The innovation leaders of tomorrow can be found in the writing classes of today. Of this, Henry Doss is sure.
For students to realize their potential, however, they must first grasp the power of language and reflection, Doss believes. Doss (B.A. ’77) has devoted much of his time to this vision in his two years as the volunteer Executive in Residence with the College of Liberal Arts & Sciences.
Doss delivers this message in his “Innovation Conversations” column on Forbes.com, where he writes about innovation, leadership and the humanities. He also gives public talks on the issue, mentors UNC Charlotte students and faculty, and builds support for the college and humanities in general.
“I believe that purpose – not vocation – is what matters most,” Doss said. “The business of life is contribution, and the liberal arts provide the foundation of society. I want to be challenging and provocative and to support thinking about careers, life calling and purpose.”
Doss has worked closely with writing faculty and their students, such as with lecturer Tiffany Morin’s classes.
“What he says resonates with students,” Morin said. “He inspires them to think about their goals, in a way that is outside the box. He invites them to consider themselves and their own identity in their writing.”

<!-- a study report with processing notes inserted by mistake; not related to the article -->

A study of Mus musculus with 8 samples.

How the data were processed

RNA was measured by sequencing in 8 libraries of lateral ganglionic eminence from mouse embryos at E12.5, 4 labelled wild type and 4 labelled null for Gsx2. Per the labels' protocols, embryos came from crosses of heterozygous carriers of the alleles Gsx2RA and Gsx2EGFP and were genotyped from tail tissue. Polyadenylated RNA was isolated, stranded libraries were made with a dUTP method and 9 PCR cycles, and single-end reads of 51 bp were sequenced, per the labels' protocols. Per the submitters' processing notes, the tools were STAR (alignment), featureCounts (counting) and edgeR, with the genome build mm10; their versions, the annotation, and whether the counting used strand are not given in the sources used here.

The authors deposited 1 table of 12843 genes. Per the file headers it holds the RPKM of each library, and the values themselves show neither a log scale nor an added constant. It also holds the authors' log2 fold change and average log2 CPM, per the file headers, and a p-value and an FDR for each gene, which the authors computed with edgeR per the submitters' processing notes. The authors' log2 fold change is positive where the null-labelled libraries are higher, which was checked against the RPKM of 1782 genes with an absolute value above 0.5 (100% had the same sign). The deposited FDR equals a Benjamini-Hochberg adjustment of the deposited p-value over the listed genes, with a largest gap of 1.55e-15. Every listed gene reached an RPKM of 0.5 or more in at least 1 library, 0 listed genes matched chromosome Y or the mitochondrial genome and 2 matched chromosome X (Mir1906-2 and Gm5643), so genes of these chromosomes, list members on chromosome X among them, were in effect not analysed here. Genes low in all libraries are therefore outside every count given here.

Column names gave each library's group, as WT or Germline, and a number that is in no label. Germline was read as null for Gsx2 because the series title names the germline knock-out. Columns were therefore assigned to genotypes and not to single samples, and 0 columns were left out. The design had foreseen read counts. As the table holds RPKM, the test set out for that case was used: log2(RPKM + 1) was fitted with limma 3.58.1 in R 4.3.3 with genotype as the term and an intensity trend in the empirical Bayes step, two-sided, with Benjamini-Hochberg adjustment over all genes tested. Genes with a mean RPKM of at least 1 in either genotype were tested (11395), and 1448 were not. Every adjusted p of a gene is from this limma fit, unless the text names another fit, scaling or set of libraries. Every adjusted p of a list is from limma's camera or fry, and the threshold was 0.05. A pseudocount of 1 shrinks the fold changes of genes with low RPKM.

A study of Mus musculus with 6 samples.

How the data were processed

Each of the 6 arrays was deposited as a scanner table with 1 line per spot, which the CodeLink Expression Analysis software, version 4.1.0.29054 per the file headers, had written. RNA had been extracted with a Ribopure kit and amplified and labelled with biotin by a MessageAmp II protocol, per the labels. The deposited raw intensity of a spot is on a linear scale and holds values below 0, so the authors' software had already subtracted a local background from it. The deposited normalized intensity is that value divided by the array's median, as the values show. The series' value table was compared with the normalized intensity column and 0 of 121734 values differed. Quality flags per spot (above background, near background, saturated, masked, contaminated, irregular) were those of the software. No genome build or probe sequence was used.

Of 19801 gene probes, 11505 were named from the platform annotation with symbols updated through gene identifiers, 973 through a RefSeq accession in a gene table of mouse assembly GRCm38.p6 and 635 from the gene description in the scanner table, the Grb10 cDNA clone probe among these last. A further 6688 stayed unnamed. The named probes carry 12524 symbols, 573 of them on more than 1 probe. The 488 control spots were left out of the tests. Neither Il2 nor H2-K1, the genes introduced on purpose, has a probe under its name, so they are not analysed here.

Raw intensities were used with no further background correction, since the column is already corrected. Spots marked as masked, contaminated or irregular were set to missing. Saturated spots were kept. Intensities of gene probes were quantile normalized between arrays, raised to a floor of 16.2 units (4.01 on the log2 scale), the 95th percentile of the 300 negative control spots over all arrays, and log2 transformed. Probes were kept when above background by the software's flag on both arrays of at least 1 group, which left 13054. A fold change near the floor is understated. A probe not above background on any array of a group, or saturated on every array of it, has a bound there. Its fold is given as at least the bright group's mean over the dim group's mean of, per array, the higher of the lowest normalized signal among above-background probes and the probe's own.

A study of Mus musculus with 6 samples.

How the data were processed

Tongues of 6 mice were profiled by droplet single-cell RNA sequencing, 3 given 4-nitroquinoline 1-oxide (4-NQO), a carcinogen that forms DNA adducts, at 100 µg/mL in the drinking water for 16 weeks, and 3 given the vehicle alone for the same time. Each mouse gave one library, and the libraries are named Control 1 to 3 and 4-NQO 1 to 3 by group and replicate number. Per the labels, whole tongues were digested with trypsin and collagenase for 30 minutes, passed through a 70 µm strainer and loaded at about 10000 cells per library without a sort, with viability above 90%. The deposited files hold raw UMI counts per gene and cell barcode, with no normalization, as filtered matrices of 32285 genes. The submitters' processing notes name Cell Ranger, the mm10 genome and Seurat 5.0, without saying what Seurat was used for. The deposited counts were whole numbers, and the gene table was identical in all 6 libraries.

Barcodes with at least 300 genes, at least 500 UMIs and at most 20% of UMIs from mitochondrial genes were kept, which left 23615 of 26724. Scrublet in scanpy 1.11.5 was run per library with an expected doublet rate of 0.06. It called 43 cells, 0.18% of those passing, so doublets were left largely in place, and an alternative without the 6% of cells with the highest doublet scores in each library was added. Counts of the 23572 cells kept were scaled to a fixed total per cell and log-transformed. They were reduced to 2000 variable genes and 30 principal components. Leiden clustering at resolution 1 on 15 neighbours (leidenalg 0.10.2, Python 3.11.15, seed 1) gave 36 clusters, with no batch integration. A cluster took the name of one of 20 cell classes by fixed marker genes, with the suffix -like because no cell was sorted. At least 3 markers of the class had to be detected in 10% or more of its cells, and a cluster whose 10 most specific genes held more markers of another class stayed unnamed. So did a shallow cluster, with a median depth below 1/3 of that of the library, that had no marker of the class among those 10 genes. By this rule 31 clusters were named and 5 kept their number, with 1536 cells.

Doss Inspires Students to Consider How to Engage
Doss’ approach challenges the students to think more deeply and to write more critically.
“It’s refreshing, and it’s scary, and it’s liberating all at the same time,” Morin said. “They realize “I’m here to think. What do I want, and what can I do? What is my passion, and how do I pursue that? How do I use what I’m learning, and how do I engage with what I’m learning?” ”
Doss works with some of the university’s learning communities, which seek to increase students’ academic success and engagement through common courses and activities. He leads seminars with English majors, considering topics such as employment realities – emphasizing that English majors stand out due to their communications, research and critical thinking skills.
Doss also presents at the summer Organizational Science Summer Institute, in which underrepresented undergraduate students explore graduate studies and research topics.
“His talk helps the students consider how their future careers can be challenging while also offering personal and intellectual rewards,” said Lisa Walker, chair of the Sociology Department and a leader with OSSI. “His broad experiences in the business world and his ability to link their studies with the world’s issues add relevance to our discussions. He also helps them reflect upon their place in society.”
Another aspect of his work centers on building resources for study abroad and other experiential learning opportunities. Foremost in this work is helping to garner support for the Mount Zion excavation in Jerusalem, under the academic oversight of UNC Charlotte.
For Doss, this new volunteer role continues his non-linear life path. A former banker turned venture capitalist and musician, he is chief strategy officer with T2 Venture Creation. He also is a current graduate student in Liberal Studies and earned his bachelor’s degree in English from UNC Charlotte in 1977.